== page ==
If you had told Obiter a year ago that a bunch of legal hacks could sit down for a virtual chat with the Lord Chief Justice, you would have been laughed out the building.

Now there is no building, and the new normal has become, well, normal, judging by the annual press conference hosted by Lord Burnett of Maldon.

No technical issues with Teams, no cutting out and only one person told they were on mute. And in Obiter’s case, sitting down opposite the nation’s top judge just half an hour after school drop-off.

Lord chancelllor and Sir Ian Burnett

Lord Burnett of Maldon hosted the annual press conference

Source: Michael Cross

However awkward the circumstances might be, they have also encouraged journalists to engage with the legal profession (politicians’ recent opinions on lawyers may also have helped) and there was a representative from most national newspapers at the conference. The Gazette was, as usual, the only specialist legal title to take part.

The unusual circumstances may also have led to journalists being a little more restrained in their questions. There were few about ongoing or controversial cases for Lord Burnett to easily bat away. Indeed, in response to a question about political interference, it was Lord Burnett himself who referenced a recent case about MPs’ attempts to contact a judge in relation to the publication of their character references for a convicted sex offender.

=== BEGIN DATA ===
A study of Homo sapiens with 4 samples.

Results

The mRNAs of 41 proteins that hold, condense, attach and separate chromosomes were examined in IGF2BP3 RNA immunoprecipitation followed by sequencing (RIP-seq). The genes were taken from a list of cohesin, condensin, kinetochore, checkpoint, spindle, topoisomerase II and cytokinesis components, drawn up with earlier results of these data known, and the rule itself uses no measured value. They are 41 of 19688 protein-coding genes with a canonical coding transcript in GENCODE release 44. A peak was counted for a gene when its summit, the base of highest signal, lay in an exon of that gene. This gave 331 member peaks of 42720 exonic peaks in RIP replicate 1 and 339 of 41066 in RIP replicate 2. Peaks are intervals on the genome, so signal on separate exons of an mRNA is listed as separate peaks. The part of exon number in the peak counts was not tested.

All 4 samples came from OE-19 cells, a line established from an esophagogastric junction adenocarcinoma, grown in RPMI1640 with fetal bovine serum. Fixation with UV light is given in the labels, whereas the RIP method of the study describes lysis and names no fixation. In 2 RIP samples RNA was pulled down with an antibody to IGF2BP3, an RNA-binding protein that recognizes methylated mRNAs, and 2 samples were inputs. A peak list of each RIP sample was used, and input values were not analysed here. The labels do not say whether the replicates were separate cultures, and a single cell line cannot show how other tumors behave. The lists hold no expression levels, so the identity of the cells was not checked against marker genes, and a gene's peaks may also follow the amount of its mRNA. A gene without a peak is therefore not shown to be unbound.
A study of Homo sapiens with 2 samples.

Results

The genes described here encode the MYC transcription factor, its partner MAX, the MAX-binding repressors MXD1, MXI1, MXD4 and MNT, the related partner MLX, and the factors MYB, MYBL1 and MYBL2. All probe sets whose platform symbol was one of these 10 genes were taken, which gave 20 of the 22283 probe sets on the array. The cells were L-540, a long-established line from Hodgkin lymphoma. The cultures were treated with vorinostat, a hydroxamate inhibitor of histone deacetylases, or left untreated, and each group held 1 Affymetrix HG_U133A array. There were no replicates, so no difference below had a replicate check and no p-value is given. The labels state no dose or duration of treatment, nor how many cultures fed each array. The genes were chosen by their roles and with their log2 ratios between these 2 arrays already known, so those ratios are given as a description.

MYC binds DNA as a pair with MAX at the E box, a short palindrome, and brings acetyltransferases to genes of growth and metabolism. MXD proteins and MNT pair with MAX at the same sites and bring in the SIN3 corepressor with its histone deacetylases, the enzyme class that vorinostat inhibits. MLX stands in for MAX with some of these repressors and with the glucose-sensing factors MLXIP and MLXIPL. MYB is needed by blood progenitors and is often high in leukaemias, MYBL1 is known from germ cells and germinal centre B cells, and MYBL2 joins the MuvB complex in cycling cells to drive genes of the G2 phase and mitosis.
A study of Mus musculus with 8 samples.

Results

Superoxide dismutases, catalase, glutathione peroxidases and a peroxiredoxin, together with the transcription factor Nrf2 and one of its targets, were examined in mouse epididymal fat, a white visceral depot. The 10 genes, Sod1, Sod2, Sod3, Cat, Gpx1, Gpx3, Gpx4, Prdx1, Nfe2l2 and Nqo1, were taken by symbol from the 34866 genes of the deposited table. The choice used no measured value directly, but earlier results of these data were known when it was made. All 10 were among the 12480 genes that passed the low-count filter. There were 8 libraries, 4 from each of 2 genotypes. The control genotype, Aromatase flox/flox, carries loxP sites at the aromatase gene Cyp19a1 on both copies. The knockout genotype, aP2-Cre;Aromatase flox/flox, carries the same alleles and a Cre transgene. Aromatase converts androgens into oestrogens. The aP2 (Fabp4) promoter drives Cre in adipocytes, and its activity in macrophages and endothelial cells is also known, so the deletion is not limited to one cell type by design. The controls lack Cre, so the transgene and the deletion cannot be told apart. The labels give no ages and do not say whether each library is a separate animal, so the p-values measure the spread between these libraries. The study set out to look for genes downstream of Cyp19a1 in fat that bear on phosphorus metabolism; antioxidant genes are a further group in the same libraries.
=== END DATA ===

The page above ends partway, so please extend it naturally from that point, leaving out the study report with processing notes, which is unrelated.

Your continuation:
Rarely one to provide a headline-grabbing soundbite, Lord Burnett described what appeared to be an attempt to influence the outcome of a pending decision as an ‘unfortunate lapse’. But he wasn’t finished there. On the wider point, he questioned whether politicians understood where the boundaries were and even suggested judges could give a little training about the rule of law to new MPs. The journalists (virtually) present couldn’t believe their luck, as this was their story written for them.

Lord Burnett was his usual measured and thoughtful self, not least when he tactfully handled one question asking whether judges and lawyers should be at the front of the queue for a coronavirus vaccine.

‘I can, in my own mind, think of groups who would have a better call for priority,’ he responded. Presumably one story was enough of a bone to throw the remote reporters present.